22 January, 2008

Is Malaysia truly Asia?

A popular advertising campaign refers to Malaysia as ‘Truly Asia’, but the Malaysian government’s plan to send home up to five lakh foreign workers by 2009, to hire locals, may not only be unconstitutional but also spoil its tourist friendly image. writes Devesh, Merinews.

THE GOVERNMENT has decided to apply stricter standards for the hiring of foreign labour in Malaysia in order to reduce the number of non-Malaysian workers to 1.8 million by next year and to 1.5 million by 2015. Malaysia relies on foreign labourers for all the menial work, as it is one of the largest labour intensive markets in Southeast Asia. Foreigners make up more than two million of the work force of 11 million of Malaysia. Thus, almost one fifth of the work force is currently non-Malaysian.

Raja Azahar Raja, the home affairs secretary general was quoted as saying, “We have been lax with the ruling to allow employers to cut costs with cheaper foreign labour but now, they have to turn to locals and pay a reasonable salary based on supply and demand.”

Raja also said that the government would allow skilled workers to stay for up to 10 years, but would not extend the permits of unskilled foreign workers who have been in the country for at least five years. This measure is going to cut the number of foreign labour by about 200,000 this year. There is no limit to the length of stay for foreign maids but the ministry may raise the eligibility of employers, allowing only those who pay more than 5,000 ringgit a month to hire maids, compared to the current minimum of 3,000 ringgit.

In fact, the construction, manufacturing and plantation sectors would be exempt from these measures, because Malaysians do not want to work in these areas. For industries like the service industry and agriculture, the Malaysian government is expected to come down hard. The ministry also plans to increase the strength of its 1,500-member enforcement team for monitoring foreign labour to 5,000 officers

Cracking its whip on foreign workers, the Malaysian government had recently banned major foreign labour, which is being used at airports and hotels in an effort to ensure that tourists were greeted by Malaysian faces on arrival. There have been complaints from labour unions that Malaysian workers have been deprived of jobs because employers preferred to recruit cheaper foreign labour. But, some employers have said that local workers are unreliable.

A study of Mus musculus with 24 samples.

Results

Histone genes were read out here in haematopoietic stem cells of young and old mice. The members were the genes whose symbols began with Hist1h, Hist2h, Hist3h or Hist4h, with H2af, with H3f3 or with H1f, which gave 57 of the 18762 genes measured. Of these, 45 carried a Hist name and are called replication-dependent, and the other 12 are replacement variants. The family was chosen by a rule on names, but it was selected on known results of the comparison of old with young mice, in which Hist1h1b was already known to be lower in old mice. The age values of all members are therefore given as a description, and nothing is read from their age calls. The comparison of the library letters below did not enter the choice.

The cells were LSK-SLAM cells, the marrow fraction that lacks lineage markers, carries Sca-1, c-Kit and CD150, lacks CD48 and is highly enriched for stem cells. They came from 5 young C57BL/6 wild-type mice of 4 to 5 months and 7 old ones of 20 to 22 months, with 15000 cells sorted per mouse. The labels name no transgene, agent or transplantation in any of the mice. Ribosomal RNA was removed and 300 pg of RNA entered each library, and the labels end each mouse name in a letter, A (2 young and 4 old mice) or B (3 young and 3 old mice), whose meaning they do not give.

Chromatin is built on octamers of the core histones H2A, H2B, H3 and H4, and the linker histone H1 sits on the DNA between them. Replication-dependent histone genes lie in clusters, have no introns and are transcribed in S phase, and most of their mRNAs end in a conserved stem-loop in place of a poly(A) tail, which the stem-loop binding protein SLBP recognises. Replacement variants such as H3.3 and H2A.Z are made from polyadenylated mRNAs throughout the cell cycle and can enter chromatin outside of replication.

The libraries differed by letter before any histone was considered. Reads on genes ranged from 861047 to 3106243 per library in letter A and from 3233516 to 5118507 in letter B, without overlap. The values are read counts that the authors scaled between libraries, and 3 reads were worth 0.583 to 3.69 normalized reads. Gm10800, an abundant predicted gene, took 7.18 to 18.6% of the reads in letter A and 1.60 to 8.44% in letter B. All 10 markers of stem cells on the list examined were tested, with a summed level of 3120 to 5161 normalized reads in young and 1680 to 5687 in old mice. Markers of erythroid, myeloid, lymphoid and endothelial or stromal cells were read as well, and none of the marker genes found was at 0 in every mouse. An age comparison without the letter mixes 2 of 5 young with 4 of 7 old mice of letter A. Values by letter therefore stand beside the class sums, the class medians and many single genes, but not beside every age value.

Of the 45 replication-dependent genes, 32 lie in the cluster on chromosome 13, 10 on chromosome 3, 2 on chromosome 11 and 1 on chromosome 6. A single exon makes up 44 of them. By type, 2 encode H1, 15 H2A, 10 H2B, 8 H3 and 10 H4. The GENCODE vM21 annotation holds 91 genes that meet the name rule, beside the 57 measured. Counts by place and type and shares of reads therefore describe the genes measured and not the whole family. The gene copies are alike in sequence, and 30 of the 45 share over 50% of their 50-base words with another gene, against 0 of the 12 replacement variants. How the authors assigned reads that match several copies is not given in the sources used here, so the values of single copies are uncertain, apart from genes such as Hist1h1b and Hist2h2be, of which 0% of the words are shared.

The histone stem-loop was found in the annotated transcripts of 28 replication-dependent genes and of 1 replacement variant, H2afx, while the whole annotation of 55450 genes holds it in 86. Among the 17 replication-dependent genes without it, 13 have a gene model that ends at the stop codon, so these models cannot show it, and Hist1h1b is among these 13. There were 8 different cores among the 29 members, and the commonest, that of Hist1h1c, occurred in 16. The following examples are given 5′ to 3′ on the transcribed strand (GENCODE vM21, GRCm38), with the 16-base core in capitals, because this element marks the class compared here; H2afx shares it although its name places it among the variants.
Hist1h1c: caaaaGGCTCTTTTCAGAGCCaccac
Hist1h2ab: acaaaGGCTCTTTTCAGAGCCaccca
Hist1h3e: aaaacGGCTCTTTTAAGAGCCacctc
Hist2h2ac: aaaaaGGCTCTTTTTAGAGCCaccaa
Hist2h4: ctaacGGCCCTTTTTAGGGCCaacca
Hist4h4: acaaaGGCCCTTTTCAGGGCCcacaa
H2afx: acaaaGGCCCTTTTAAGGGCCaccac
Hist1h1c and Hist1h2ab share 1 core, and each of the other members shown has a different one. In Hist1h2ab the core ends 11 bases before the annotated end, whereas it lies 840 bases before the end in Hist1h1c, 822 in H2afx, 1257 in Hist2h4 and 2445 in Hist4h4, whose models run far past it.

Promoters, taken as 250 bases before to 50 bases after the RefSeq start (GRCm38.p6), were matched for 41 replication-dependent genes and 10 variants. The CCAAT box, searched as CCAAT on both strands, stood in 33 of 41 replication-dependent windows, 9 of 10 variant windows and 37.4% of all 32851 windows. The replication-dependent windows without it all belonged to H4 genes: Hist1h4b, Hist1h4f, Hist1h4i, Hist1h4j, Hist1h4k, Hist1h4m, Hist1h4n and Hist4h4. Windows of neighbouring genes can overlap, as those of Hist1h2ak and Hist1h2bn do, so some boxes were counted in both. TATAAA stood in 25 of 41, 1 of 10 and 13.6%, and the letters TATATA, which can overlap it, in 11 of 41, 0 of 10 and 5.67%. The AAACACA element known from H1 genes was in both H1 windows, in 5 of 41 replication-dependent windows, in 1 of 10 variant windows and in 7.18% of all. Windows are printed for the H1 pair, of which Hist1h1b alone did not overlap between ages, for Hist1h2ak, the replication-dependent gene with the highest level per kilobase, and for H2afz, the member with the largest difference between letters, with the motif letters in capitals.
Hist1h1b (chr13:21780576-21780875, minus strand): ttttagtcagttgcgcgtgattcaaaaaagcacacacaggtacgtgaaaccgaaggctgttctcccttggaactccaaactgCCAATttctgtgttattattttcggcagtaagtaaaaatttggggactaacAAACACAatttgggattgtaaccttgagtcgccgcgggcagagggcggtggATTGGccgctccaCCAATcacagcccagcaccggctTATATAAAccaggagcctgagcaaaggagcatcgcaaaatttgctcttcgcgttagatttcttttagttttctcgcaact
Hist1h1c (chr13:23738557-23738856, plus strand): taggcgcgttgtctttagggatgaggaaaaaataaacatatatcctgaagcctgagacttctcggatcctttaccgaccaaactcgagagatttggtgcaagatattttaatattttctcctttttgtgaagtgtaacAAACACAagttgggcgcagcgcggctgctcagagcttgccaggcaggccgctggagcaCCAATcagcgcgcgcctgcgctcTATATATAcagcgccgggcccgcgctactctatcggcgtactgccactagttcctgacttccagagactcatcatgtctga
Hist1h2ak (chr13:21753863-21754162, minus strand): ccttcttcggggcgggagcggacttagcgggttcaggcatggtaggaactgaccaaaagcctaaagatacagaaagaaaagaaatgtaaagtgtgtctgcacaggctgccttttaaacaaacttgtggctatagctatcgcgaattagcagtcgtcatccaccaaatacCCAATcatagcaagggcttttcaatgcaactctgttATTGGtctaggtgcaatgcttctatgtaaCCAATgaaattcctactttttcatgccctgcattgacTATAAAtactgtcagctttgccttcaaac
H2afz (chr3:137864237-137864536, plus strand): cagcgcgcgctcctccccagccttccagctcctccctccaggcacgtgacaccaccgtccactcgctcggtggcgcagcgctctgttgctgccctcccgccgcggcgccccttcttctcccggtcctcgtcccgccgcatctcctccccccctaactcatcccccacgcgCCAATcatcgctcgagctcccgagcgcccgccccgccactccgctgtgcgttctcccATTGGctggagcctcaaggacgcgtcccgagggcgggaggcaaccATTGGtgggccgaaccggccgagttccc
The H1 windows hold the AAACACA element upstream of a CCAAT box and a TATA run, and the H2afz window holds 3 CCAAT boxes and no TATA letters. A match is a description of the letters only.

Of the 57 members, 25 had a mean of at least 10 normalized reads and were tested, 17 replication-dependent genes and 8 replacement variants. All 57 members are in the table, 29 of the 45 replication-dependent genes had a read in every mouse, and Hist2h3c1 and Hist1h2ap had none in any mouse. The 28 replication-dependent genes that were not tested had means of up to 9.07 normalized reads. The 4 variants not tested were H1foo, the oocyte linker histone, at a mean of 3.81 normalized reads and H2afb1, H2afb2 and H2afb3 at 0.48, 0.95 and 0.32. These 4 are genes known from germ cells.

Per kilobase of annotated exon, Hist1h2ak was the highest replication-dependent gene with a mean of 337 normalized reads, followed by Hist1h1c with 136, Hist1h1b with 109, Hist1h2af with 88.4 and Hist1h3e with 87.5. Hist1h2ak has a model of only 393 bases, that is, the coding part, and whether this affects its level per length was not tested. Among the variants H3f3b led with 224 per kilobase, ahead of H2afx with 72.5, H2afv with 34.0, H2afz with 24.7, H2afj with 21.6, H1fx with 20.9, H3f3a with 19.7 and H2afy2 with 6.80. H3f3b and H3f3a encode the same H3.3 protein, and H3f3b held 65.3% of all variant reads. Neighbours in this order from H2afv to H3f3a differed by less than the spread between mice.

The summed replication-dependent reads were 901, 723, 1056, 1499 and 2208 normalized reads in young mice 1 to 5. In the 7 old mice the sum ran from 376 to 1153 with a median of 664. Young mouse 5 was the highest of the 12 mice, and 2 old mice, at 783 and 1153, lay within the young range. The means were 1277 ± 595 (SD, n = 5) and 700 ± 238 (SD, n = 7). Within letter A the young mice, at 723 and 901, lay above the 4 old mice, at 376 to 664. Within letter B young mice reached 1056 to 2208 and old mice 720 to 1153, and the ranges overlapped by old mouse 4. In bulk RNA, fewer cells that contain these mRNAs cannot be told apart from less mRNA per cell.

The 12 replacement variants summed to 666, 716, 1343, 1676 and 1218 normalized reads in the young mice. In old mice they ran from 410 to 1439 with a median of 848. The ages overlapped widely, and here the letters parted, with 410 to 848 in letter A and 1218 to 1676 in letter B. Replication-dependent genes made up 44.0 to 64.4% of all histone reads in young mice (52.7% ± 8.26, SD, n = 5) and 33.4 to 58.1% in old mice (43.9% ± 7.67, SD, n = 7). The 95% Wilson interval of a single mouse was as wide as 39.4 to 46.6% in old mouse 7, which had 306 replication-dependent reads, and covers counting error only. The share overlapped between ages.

Malaysia’s efforts to increase work being offered to ‘bhoomi putras’ or ‘sons of its soil’ should not be encouraged. The resident Malaysians already enjoy a comprehensive system of reservations. This ‘new economic policy’, had its share of criticism regarding its constitutional validity. There are quotas in educational institutions, public sector, government jobs and compulsory equity ownership in business. Almost 10 per cent of the Malaysian population is made up of ethnic Indians, most of whom are Tamil speaking Hindus.

The Indian Diaspora organisations should try and safeguard the interests of the ethnic Indians and enhance their capabilities and skills in order to increase its socio economic position. The affirmation policy and the marginalisation of the ethnic Indian minorities has become a cause for concern for the Indian government as well.

Malaysia has failed to realise that its public image in India has suffered a severe setback. It will also make it tougher for the Indian government to make concessions in negotiations over trade and investment. Malaysia’s treatment of the foreign minority groups has become a cause of concern all over Asia and will have a definite impact on its foreign policy.